Developer of Gateway Project Begins to Wonder What’s in a Name


Just when everyone thought work was under way on the new Burbank Gateway Center retail and office complex, the developer of the $250-million project says it may not be so.

Construction is going forward as planned, have no doubt. The uncertainty is over what to name the project on the 41-acre redevelopment site downtown.

Fred Bruning, a representative of developer Alexander Haagen Co., agreed with city officials Monday that Southern California is home to enough “gallerias,” “plazas” and “gateway centers.”


So while “Burbank Gateway Center” was the developer’s original working title, “if we find a better name, we will change it,” Bruning said.

“If we could find something truly unique and unusual, it would be a nice touch. It’s something we feel is important, so we’re going to take a closer look at it.”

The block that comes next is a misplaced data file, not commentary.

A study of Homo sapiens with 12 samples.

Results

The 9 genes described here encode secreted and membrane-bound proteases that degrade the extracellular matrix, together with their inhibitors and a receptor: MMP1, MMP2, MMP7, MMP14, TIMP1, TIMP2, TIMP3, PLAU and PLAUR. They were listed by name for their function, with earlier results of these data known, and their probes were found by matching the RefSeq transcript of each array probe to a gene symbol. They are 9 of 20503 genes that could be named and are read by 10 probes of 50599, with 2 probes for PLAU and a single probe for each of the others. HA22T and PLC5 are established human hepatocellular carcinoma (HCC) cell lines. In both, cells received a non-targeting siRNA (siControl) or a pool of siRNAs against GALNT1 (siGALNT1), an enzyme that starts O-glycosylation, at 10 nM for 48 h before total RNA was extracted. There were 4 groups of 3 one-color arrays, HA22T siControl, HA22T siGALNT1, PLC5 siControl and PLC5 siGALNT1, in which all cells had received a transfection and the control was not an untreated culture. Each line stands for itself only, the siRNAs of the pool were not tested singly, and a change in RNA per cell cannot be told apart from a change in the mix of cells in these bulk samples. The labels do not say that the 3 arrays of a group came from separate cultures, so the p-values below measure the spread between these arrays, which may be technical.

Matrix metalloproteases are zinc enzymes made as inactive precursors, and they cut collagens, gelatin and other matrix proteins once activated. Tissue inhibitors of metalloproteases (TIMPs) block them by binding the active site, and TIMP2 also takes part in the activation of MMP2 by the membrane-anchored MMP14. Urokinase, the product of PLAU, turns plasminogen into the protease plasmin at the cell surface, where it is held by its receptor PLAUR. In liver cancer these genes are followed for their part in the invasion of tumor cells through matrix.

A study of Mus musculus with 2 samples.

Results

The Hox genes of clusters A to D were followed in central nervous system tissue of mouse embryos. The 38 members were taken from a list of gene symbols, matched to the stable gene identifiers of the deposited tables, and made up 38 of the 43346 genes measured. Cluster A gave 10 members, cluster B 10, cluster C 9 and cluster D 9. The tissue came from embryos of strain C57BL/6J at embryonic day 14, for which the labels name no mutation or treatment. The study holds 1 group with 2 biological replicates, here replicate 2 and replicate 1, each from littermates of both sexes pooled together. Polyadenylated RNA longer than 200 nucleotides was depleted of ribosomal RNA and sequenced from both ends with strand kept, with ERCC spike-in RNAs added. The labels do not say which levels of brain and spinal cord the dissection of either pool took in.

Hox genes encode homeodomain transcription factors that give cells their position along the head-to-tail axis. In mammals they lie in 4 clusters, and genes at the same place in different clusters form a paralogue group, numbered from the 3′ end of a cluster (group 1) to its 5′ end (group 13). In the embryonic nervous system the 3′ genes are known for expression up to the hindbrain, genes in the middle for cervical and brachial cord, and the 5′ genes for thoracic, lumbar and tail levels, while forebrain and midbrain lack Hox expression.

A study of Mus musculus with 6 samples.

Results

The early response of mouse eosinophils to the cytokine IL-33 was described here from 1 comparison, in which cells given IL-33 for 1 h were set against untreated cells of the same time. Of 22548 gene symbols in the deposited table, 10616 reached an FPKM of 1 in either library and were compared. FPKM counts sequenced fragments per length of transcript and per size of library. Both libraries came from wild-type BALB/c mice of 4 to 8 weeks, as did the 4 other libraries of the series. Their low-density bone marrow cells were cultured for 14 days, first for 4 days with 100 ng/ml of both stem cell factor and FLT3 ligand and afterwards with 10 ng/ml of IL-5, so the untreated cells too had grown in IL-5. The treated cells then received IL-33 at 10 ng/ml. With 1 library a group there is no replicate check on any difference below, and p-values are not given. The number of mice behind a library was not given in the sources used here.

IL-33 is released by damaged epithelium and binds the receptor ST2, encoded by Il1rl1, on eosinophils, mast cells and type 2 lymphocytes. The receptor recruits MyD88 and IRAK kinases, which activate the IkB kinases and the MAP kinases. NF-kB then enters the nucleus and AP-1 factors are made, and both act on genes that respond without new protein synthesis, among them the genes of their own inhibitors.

Councilman Michael Hastings is among those who favor changing the name, but he believes the developer should let Burbank residents to pick the name.

“I think the name is important because it gives an identity not just to the project, but to the community,” Hastings said. “If it’s something that’s going to be around for 100 years, I think it should mean something to the community.”

Told of Hastings’ suggestion, Bruning said the developer would consider holding a community contest to choose a name.

Not everyone is so particular about the title, however. The original name “sounds fine to me,” said Allen Kessler, owner of Kessler Jewelers across the street from the project site. “As far as I’m concerned, it doesn’t make a lot of difference what they call it, just as long as they build it.”

The 2.5-million-square-foot development will include an enclosed three-level shopping mall with four office towers and a hotel. The site is at Magnolia and Burbank boulevards near the Golden State Freeway. The mall will be anchored by the Ikea furniture store and Mervyn’s and Sears department stores.